Hadley Seward – certified sleep consultant and certified health coach
7 Tips to Get You Sleeping Again
Picture this: it’s 4am and you’re awake. No matter what you try, you cannot fall back asleep. Sound familiar? Insomnia — which includes difficulty falling asleep at bedtime and staying asleep throughout the night — is the most common sleep concern in America. An estimated 30 percent of the population is affected by insomnia, especially older adults and women. While there is no cure-all for insomnia, there are many measures to help to combat it.
Most importantly, talk to your doctor about any underlying health concerns that could affect your ability to fall or stay asleep. It’s especially important to rule out sleep apnea. Furthermore, ask whether any medications you routinely take could be interfering with your sleep.
Once you’ve ruled out medical issues, prioritize your sleep schedule. The human body is regulated by a circadian rhythm. This rhythm resets each morning when we awaken. It’s a cycle designed to begin around the same time every day. And, if it doesn’t, it can seriously impair your ability to sleep well at night. Bottom line: it’s best to wake up and go to bed at the same time every day (including weekends!).
Craft the Right Environment
Is your room sleep-friendly? We sleep best in cool, dark, and quiet environments. Do you live in a city or your partner snores? I suggest using HoMedics SS-2000G/F-AMZ Sound Spa Relaxation Machine with 6 Nature Sounds, Silver for white noise to mask the offending sounds. (Here’s a great article that explains how it works). If you prefer to fall asleep with activity in the background, try relaxing music. A 2005 study showed that 45 minutes of peaceful music at bedtime helped older adults to experience fewer sleep disturbances and fall asleep faster .
Be sure that you’re active during the day. Studies have shown that regular exercise can help you to fall asleep faster . Yoga is particularly useful if you’re looking to improve sleep quality .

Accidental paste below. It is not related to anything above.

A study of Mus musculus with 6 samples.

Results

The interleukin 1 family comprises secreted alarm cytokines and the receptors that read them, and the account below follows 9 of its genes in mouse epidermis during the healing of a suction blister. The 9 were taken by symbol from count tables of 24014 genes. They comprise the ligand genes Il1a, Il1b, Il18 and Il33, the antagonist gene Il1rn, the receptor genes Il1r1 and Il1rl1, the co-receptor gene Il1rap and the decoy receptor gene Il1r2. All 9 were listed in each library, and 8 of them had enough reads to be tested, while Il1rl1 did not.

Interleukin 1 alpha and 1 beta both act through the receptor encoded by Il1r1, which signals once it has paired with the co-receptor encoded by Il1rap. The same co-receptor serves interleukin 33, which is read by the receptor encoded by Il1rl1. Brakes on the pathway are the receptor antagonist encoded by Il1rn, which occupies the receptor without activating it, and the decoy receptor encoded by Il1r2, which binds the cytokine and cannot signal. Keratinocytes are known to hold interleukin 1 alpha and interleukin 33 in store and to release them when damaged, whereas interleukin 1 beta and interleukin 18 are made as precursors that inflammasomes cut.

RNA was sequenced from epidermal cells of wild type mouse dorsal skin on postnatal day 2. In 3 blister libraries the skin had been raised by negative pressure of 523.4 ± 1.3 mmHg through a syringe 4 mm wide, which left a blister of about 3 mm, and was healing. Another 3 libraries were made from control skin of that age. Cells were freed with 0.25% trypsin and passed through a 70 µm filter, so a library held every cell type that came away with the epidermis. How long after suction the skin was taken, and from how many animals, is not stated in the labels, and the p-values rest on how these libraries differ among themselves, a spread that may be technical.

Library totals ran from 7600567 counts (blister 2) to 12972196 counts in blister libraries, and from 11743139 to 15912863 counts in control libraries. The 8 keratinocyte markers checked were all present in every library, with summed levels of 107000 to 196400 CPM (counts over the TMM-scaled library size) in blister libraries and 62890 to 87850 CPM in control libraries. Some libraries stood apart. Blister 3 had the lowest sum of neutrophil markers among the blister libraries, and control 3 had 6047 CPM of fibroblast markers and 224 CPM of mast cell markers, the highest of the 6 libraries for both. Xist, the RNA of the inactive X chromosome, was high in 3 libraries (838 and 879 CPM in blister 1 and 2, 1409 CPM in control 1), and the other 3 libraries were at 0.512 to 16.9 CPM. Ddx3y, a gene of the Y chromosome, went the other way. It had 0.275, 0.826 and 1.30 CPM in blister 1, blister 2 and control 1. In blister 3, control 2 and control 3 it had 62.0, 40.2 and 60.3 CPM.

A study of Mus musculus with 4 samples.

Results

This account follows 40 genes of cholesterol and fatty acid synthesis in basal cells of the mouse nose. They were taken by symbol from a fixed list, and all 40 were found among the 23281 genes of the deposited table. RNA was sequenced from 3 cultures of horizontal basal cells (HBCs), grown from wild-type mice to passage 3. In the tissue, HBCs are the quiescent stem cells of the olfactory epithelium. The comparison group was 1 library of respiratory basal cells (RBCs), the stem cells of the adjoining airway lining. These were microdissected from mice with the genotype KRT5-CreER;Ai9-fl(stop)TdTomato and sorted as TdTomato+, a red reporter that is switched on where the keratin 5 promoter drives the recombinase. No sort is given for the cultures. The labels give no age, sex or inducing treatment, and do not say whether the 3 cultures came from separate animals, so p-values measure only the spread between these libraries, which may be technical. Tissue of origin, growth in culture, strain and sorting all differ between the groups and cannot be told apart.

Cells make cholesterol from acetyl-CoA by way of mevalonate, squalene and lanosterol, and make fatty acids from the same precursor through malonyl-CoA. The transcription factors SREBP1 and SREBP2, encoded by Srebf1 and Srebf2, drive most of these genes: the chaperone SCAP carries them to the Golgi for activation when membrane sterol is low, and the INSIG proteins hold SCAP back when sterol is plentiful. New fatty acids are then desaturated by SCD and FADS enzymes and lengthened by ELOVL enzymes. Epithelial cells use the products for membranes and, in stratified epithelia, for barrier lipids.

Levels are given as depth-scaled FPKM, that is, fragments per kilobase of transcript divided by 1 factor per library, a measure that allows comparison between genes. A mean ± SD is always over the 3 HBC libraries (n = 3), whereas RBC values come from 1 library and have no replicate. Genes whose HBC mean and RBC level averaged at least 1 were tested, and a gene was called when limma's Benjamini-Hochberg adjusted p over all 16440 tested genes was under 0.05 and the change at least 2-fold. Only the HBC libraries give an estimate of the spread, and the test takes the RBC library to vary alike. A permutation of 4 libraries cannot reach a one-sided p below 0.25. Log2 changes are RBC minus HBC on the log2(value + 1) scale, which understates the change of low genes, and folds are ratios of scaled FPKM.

Chronic nappers, beware: a midday siesta might worsen nighttime sleep difficulties. Instead, head outdoors and expose yourself to natural daylight to re-energize.
Do you find that you’re waking up with your head full of worries? Keep a notebook next to your bed where you make a list of everything on your mind before you go to sleep.
Another option is to try essential oils. Stephanie Jiroch, founder of Simply Chic Essentials, recommends placing a few drops of therapeutic-grade lavender oil in a diffuser or rubbing a few drops onto the soles of your feet before bedtime. “The anti-anxiety activity of lavender aromatherapy has been demonstrated in several small and medium-sized clinical trials,” says Jiroch.
Still waking up overnight? Instead of lying there for hours fretting about your inability to go back to sleep, a better strategy is to limit the tossing and turning to 20 minutes. After that, get out of bed and engage in a quiet activity (such a reading). Once you feel more relaxed, get back into bed and try to sleep.
Meditation can also help relax your mind and keep your stress levels in check. I recommend utilizing the Muse Headband, which is a great meditation aid that helps guide you to a calm mind.
You can also try this Urban Spa Silk Eye Pillow with French Lavender for Sleeping.
Related Article: Exercise Induced Sleep Improvements
 Lai, H.L. et al. Music improves sleep quality in older adults. Journal of Advanced Nursing. 2005;49(3):234-44.
 Browman, C. P., Sleep Following Sustained Exercise. Psychophysiology. 1980; 17: 577–580.
 Khalsa, S. B., Treatment of chronic insomnia with yoga: a preliminary study with sleep-wake diaries. Applied Psychophysiology and Biofeedback. 2004; 29(4): 269-78.